A church in the Denton, Texas area. (Photo by Adam Schrader)

While at a coffee shop, I made a passing comment to my conversation partner that something or other was true and its opposite was false. I even did this without any of the apologizing customary for making a truth-claim—there was no “I just feel like …” or “in my view …” or “I just believe that …”

I was reprimanded.

“That’s just your opinion,” replied the beanie-wearer.

“No, it is my informed judgment. It is based on good arguments and my knowledge of that subject. And also it is easily verifiable.”

“But that’s your truth,” he said, pretending to be thoughtful. “It isn’t my truth. That isn’t how I see things.”

“On this topic your perception is irrelevant. What’s true is true regardless of how you see it. The laws of gravity, for example, are in effect whether or not you perceive them.”

“But Matt,” he said, leaning in close, pausing for effect, “don’t you realize that perception is reality?”

He leaned back satisfied that he had blown my mind. I suppressed a mighty eye-roll and changed the subject.

We’ve all had conversations like this so it is not surprising that we are now (apparently) living in a Post-Truth society. “That’s not my experience,” “this is just what I believe,” or “this is just how I feel about that,” are now seen as acceptable retorts to a well thought-out, carefully weighed, and properly worded argument. If you don’t like what someone else is saying and she is better at arguing for or articulating her position, then Truth can become whatever you’d like it to be.

If only that was how Truth worked. If it were, I could stop honestly confronting all the unpleasant things I’ve dealt with my whole life and just create my own reality untouched by what lies beyond my mind. What is that called? Some people call it relativism. I would call it lazy and stupid. Taken far enough, I would call it mental illness. I would call it that because people who cannot distinguish between fantasy and reality are called mentally ill. Or children.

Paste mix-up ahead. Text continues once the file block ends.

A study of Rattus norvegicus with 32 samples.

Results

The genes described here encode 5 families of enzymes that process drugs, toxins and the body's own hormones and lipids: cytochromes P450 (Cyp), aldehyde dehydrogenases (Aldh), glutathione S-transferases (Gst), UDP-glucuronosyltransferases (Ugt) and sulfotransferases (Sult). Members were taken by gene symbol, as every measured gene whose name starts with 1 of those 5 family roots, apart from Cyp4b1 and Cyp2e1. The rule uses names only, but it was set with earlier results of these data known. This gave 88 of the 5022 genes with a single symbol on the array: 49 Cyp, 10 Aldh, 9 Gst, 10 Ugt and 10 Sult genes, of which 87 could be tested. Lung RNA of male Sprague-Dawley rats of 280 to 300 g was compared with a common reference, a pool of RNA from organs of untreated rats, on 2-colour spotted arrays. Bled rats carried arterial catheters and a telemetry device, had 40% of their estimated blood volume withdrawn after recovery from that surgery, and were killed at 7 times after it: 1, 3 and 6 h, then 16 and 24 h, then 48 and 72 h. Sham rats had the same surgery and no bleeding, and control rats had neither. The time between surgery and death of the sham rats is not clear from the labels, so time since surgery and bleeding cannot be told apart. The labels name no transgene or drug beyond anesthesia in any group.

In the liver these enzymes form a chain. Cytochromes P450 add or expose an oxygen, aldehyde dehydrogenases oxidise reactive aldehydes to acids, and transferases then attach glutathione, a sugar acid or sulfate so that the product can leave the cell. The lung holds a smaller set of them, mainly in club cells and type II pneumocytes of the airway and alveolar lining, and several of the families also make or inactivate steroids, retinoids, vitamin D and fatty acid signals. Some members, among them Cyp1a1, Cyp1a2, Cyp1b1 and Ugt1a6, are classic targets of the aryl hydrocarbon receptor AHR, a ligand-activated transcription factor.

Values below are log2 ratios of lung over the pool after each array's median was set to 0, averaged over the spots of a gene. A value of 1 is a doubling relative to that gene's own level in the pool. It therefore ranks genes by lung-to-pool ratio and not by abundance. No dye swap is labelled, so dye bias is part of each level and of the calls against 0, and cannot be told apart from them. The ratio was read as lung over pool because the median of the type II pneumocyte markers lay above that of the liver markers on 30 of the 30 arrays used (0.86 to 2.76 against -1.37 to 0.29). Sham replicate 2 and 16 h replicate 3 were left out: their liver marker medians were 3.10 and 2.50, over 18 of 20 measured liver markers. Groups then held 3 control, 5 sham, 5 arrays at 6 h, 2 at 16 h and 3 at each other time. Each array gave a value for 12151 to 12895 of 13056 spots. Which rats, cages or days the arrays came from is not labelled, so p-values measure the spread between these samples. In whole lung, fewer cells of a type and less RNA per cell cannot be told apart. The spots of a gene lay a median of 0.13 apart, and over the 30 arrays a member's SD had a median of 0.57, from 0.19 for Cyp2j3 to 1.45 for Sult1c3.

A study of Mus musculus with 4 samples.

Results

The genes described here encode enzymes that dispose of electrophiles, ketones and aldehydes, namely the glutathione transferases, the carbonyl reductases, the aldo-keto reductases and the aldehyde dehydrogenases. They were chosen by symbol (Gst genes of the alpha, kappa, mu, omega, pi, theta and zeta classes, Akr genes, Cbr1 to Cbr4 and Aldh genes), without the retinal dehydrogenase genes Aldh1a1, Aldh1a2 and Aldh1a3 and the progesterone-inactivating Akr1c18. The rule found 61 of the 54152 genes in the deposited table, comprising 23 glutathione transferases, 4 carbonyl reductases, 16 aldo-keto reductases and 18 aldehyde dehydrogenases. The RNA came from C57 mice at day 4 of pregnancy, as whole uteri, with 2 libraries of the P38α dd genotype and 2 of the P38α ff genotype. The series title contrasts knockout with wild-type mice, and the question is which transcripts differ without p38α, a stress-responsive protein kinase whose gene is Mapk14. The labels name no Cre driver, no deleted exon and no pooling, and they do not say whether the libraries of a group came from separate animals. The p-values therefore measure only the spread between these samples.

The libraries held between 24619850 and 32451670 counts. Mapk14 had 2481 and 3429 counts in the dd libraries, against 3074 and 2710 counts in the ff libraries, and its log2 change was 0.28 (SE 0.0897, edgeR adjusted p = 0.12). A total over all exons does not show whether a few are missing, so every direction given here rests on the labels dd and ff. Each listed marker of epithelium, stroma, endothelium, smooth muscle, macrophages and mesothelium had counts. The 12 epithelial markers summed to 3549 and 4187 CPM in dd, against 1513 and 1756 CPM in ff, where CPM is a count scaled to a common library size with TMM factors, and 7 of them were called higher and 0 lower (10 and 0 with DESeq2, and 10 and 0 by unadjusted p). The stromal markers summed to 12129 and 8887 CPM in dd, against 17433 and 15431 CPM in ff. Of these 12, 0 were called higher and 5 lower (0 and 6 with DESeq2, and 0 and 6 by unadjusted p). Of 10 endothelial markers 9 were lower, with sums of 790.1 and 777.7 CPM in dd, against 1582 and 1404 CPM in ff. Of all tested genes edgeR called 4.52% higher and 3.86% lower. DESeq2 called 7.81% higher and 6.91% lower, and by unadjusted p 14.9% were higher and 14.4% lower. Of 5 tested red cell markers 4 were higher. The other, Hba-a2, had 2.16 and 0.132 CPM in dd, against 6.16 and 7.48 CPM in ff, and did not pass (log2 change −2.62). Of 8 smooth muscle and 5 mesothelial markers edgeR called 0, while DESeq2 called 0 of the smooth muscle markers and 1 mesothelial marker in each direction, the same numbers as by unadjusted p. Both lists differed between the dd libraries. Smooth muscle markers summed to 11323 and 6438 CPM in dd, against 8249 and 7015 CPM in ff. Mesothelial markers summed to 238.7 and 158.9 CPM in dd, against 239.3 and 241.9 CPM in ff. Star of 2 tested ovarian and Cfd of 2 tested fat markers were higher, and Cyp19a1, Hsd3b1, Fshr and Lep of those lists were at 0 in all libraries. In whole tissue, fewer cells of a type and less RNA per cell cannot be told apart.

Post-Truth? More like Post-Sanity.

Yet here we are with a president-elect who believes only what he wants to be true, who regularly engages in magical thinking, and who demands that his followers mistrust anyone who doesn’t affirm his flights of fancy. It’s not exactly relativism, because no one is allowed to make things up except for him and naturally everyone who disagrees with him is just making things up. Of course, this is not new. The rejection of objective truth has been a staple of both the political left and the right for years when convenient—though never quite like this. There’s a society-wide conspiracy to live in denial of objective Truth when it suits us.

Is throwing out objective moral facts temporarily helpful for getting moralizing evangelicals off your back? Then throw them out! Was there a baby in that bathwater? Not in my reality!

Does serious investigative journalism undermine some of your political beliefs? Then watch Fox News and be confirmed in everything you already think! It’s not confirmation bias—it’s fair and balanced. Feeling scared of black people, Mexicans, and refugees? Check out Breitbart. It’s not white nationalist trash — it’s an information outlet, just like The Washington Post or The New York Times.

If there is such a thing as a collective mental illness, this is it. It should be identified and cured as soon as possible. There is too much at stake.

Losing Truth is bad enough, but there is an additional cost: justice. Justice is rooted in Truth. It is true that each should get her due. It is true that all humans are created equal. It is true that we are responsible to the poor and the weak before we are responsible to the rich and the powerful. Without these fundamental truths, how can we appeal to justice? Without these truths, what response is there to those who seek to enrich and empower the rich and the powerful?

Once Truth and justice are thrown out with the garbage, what is true and false or right and wrong will be decided not by arguments, but by powerful feelings such as rage, fear, and despair. Unburdened by the checks and balances that Truth and justice provide, those who are best able to arouse and direct these feelings will decide what is best for us—or perhaps just for their tribe. After all, why should they do what is good for all? Without Truth, without justice, there is only the will to power. When the fox is let into the henhouse, what can’t he do?

It is conceivable that one day soon a red-hatted, red-faced army of the duped will goose-step down the street demanding a Muslim registry or worse because they feel that all Muslims are inherently dangerous. On that day there will be no more appeal to argument, only the collective insanity of mob-rule. That is where the Post-Truth society is headed. Will you consent to going down that road? I hope not. I hope not because that is cowardly and stupid. I hope not because if you shrug your shoulders and say, “That’s just their reality,” then it will quickly become reality for us all.